Some 2.2 million people worldwide die of work-related accidents and occupational diseases each year, according to a new report prepared by the United Nations’ International Labour Office (ILO) and presented this week at the 17th World Congress on Safety and Health at Work.

The report, “Decent Work – Safe Work,” says the 2.2 million figure may be vastly under-estimated due to poor reporting and differing recording criteria from country to country. While the number of work-related illnesses and deaths has lessened somewhat in industrialized countries, the ILO report said the number of accidents — especially fatal accidents — appear to be increasing, particularly in some Asian countries, due to rapid development and the strong competitive pressures of globalization.

According to the National Safety Council, the U.S. organizers of the World Congress, while there is no comprehensive tracking of all occupational disease related deaths in this country, the U.S. Bureau of Labor Statistics does track work-related accidents and reported a total of 5,915 work injury deaths, including homicides and suicides in 2001, a comparable time period to the ILO report. Nonfatal work injuries recorded by employers and reported to the Bureau of Labor Statistics were 5.2 million in that same period. From 2001 through 2003, the U.S. workforce grew +1.7% and the number of work injury deaths and total recordable cases declined -3.6% and -16.3%, respectively.

“Every day, on average, some 5,000 or more women and men around the world lose their lives because of work-related accidents and illness. Decent work must be safe work, and we are a long way from achieving that goal,” said ILO Director-General Juan Somavia.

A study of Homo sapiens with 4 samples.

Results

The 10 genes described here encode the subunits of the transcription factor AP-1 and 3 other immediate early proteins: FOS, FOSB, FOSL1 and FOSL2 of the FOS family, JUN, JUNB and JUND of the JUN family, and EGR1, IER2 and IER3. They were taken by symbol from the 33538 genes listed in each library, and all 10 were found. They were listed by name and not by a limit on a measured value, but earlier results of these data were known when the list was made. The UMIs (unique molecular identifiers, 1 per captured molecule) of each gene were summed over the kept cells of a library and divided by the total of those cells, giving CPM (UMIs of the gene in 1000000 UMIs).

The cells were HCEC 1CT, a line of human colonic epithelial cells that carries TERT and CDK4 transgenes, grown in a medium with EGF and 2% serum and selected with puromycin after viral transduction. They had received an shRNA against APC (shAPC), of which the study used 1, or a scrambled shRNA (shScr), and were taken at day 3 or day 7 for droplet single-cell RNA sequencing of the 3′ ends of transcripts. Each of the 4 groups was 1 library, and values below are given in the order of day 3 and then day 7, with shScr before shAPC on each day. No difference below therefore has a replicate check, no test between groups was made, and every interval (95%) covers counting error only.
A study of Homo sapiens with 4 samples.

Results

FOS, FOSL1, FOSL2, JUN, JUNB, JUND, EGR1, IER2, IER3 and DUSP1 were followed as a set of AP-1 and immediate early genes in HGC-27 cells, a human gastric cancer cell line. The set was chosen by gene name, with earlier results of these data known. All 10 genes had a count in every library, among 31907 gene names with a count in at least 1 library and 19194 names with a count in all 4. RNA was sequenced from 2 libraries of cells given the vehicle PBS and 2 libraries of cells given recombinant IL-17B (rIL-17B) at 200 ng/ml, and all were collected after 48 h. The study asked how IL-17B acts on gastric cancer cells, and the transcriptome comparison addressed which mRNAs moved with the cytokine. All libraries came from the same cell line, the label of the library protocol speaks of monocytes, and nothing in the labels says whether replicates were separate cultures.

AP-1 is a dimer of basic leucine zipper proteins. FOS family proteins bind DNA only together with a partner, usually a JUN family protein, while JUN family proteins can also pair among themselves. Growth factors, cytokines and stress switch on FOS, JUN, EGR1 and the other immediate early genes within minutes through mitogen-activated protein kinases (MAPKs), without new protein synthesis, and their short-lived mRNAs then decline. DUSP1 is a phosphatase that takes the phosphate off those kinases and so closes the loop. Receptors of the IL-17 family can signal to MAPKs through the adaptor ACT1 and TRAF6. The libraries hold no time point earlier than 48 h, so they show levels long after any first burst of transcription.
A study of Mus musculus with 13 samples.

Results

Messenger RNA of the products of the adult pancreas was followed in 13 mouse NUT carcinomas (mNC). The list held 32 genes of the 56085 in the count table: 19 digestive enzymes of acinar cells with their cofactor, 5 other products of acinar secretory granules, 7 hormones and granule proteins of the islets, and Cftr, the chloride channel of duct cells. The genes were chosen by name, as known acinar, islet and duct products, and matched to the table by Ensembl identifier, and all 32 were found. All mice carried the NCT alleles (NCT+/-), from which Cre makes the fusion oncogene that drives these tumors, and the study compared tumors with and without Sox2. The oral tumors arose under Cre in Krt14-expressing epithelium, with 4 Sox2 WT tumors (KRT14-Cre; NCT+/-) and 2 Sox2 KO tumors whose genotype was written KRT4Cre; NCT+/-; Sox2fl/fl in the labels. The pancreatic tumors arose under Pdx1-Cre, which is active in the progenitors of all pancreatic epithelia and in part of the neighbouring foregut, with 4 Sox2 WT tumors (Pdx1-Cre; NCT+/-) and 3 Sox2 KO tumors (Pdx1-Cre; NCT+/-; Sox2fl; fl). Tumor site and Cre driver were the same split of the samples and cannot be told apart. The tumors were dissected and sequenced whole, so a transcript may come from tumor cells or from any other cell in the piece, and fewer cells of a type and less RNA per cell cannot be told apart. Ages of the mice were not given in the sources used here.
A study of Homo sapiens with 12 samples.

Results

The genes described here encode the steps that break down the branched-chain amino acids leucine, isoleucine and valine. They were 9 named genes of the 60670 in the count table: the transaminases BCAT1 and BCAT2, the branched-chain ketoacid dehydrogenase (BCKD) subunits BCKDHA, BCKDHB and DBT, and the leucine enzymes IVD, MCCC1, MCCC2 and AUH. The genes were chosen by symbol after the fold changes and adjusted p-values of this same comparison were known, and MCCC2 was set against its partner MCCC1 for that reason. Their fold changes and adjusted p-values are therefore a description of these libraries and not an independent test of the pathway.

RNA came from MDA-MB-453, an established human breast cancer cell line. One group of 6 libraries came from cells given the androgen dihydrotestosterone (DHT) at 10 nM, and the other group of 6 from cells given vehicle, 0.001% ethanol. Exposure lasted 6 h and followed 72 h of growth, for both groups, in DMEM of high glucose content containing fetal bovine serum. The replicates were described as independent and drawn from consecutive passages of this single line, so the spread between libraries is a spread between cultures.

“Injury prevention is no longer a luxury for the developed world," said Alan C. McMillan, president and CEO of the National Safety Council and Secretariat for this year’s World Congress. "As populations grow and economies develop, millions throughout the world are taking on new jobs and new risks like never before. Safety and health cannot remain on the backburner as an option in doing business. The well-being of workers and their families must be at the forefront, a core business value, in all industries, in every corner of the world."

In order to move toward a global culture of workplace injury and illness prevention McMillan recommends the development of workplace safety and health infrastructures — tailored to each nation's needs — to promote more accurate injury and illness recording and reporting; establishing practical governmental policies so that nations can effectively implement safety and health interventions; and sound workplace management systems that integrate safety & health practices and procedures into the business activities of the enterprise.